Actor Steve Coogan will be paid six figures from UK news publisher Trinity Mirror after it admitted to hacking his voicemail. Trinity Mirror is also paying Coogan’s legal fees and apologizing in order to settle the lawsuit.
Coogan sued over 62 articles in the Daily Mirror, the Sunday Mirror and The People that he said had information found from voicemail hacking, “unlawfully obtaining personal information from third parties and surveillance by private investigators,” according to his lawyer’s statement in court. The open court statement was sent to iMediaEthics by Hacked Off, the UK campaign advocating on behalf of hacking victims.
iMediaEthics contacted Coogan’s solicitor, who redirected our inquiry to Hacked Off. Hacked Off’s Nathan Sparkes responded, explaining Coogan is a “supporter of the Hacked Off Campaign.”
Sparkes told iMediaEthics by e-mail that Coogan “is satisfied with the terms as far as they go, but is most interested in proceeding with the second half of the Leveson Inquiry to get to the truth. He needed to accept costs to settle the claim, because he would have been liable for TMG’s costs had a final damages award not beaten the Mirror’s offer.”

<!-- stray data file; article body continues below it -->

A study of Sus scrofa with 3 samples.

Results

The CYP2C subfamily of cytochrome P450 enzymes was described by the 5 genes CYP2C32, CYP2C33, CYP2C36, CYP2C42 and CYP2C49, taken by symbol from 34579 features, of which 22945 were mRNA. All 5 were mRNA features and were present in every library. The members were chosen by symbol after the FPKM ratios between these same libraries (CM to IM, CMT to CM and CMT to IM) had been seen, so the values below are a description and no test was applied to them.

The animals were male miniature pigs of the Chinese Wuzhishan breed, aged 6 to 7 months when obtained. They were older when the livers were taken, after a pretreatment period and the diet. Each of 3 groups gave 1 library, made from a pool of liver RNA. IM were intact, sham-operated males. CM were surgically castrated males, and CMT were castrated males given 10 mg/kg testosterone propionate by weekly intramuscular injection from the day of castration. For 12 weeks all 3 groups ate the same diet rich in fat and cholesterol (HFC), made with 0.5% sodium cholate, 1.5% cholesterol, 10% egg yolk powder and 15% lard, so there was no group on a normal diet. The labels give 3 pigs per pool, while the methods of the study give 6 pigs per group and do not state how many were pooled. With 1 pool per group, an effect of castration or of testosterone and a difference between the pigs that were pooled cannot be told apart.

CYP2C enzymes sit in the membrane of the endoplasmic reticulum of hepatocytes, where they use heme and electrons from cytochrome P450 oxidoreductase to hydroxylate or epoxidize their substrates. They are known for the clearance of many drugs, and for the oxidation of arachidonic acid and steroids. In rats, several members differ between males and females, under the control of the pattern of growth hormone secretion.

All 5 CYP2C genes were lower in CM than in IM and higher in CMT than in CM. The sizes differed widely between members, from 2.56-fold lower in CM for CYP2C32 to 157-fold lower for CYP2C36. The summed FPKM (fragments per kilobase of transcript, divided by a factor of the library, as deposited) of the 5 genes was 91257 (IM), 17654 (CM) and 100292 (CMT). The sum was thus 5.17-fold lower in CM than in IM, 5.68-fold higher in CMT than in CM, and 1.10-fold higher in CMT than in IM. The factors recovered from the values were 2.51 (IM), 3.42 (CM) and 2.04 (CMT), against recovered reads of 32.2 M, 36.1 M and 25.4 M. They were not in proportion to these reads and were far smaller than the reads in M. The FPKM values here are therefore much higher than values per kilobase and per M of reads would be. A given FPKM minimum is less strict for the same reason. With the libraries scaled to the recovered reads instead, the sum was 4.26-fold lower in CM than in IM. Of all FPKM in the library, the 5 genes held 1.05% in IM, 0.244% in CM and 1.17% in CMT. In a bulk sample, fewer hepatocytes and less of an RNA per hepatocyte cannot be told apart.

In court, Trinity Mirror’s lawyer admitted, “Coogan was the target of unlawful activities and that these activities were concealed until years later.” It apologized for the “wrongdoing,” the articles, and the “concealment of these activities.”
Further, the lawyer said, Trinity Mirror “apologises to Mr Coogan and accepts that he and other victims should not have been denied the truth for so long.” The Mirror’s website doesn’t appear to have any statement about the settlement; iMediaEthics has asked Trinity Mirror if it is required to publish the apology in print or online. Hacked Off’s Sparkes told iMediaEthics that the Mirror sent Coogan a “private letter of apology.”
Trinity Mirror has settled more than 70 hacking claims in the past year, The Guardian noted.
In a press release statement sent to iMediaEthics, Coogan called for more investigation of hacking in the UK press, including a continuation of the Leveson Inquiry, in order to “find out who was hacked, who knew about it, and who covered it up or turned a blind eye.”